Over the past 20 years, the percentage of Americans attending college has risen from 25 percent to 36 percent, while those with a graduate degree has gone up from eight percent to 13 percent. Most teenagers have at least a vague plan of what they want to do in the years ahead, and for many it includes attending a great college and going on to grad school before embarking on the career of their dreams. But homeschoolers often worry that they will be at a disadvantage compared with those who have attended high school.
Be prepared to be flexible
The first and most important thing to remember is not to run before you can walk. Ask a dozen happy and successful adults what they envisioned as teenagers and you will see that in the majority of cases, the reality turned out quite differently. That’s not to say you shouldn’t have a plan, but you should also be ready to think flexibly. Recent research has found that there is a disparity between teenage aspirations and the reality of the careers market – for example, only seven percent of teenagers aspire to work in the 25 highest employing careers.
One step at a time
Let’s face it, 15 is no age to be getting stressed about grad school. Tom Freston famously described the average career path as one that is crooked, winding and filled with missteps. That doesn’t mean you shouldn’t walk it with care and purpose, but it does mean that sometimes it can be dangerous to look too far ahead. Focus on where you are right now and stay on your feet. Face the forks in the path ahead when you reach them.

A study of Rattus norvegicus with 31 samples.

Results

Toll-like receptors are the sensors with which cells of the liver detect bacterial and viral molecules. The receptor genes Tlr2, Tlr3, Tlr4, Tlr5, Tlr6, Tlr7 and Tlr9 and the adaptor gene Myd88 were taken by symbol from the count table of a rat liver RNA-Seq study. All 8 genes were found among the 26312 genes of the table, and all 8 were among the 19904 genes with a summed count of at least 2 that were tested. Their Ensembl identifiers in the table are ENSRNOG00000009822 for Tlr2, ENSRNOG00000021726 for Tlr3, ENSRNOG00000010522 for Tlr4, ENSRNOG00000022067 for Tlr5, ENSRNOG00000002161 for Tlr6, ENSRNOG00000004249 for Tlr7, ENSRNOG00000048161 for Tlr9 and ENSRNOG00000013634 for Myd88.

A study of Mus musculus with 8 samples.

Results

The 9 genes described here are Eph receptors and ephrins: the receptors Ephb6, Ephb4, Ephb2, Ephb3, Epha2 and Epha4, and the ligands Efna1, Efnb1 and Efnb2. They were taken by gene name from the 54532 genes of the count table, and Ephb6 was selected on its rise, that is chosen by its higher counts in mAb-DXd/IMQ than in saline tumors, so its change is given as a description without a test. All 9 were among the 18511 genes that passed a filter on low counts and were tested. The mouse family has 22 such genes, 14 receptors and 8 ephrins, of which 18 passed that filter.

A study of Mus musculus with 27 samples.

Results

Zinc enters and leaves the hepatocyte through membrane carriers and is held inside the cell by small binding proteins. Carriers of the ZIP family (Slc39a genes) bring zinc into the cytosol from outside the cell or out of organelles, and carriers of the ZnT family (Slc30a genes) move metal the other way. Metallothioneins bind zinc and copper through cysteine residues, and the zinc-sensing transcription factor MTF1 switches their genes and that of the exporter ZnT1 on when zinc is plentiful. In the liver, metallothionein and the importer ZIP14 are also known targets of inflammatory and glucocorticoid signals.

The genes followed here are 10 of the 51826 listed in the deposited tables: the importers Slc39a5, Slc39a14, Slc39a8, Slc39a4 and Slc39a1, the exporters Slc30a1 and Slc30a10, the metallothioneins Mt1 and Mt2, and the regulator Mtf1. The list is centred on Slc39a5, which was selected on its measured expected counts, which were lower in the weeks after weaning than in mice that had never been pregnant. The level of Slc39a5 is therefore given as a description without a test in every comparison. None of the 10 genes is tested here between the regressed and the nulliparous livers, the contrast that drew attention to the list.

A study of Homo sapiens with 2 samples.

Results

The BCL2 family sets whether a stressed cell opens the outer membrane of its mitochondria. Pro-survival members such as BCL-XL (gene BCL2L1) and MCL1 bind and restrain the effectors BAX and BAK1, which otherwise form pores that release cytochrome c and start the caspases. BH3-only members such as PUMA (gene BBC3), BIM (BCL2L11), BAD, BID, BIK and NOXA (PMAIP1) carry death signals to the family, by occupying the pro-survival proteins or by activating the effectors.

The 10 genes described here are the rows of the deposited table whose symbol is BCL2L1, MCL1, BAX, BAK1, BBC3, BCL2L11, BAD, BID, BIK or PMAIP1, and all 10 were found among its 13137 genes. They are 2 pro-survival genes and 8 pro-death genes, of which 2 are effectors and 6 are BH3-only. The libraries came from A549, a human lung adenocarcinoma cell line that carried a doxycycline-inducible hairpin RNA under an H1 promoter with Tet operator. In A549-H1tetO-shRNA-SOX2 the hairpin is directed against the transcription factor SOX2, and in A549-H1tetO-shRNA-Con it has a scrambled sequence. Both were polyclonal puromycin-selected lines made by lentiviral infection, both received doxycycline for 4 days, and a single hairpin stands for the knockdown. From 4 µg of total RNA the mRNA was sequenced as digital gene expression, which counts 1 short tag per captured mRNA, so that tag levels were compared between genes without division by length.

Grad school? No bother
With both feet planted on the ground, and the focus squarely on the “now,” here’s another reason not to worry about grad school. If that really is on your path, then the fact that you were homeschooled will prove no obstacle at all. The fact is, once you get to that stage in your education journey, high school already seems like a distant memory, so where and how you received your education is of less significance. More than that, though, the fact that grad school courses tend to be heavily research-based means that your homeschooling experience will have given you the self discipline and independent study skills you need to thrive.
A changing education landscape
Technological advances and the global challenges we have all been facing over the past year or two are driving dramatic changes in education. Everyone got at least some taste of homeschooling in 2020, and it seems certain that the phrase blended learning will be core to the future of education. Whether you are talking about high school, college or grad school, those with some homeschooling behind them could be in the best position of all.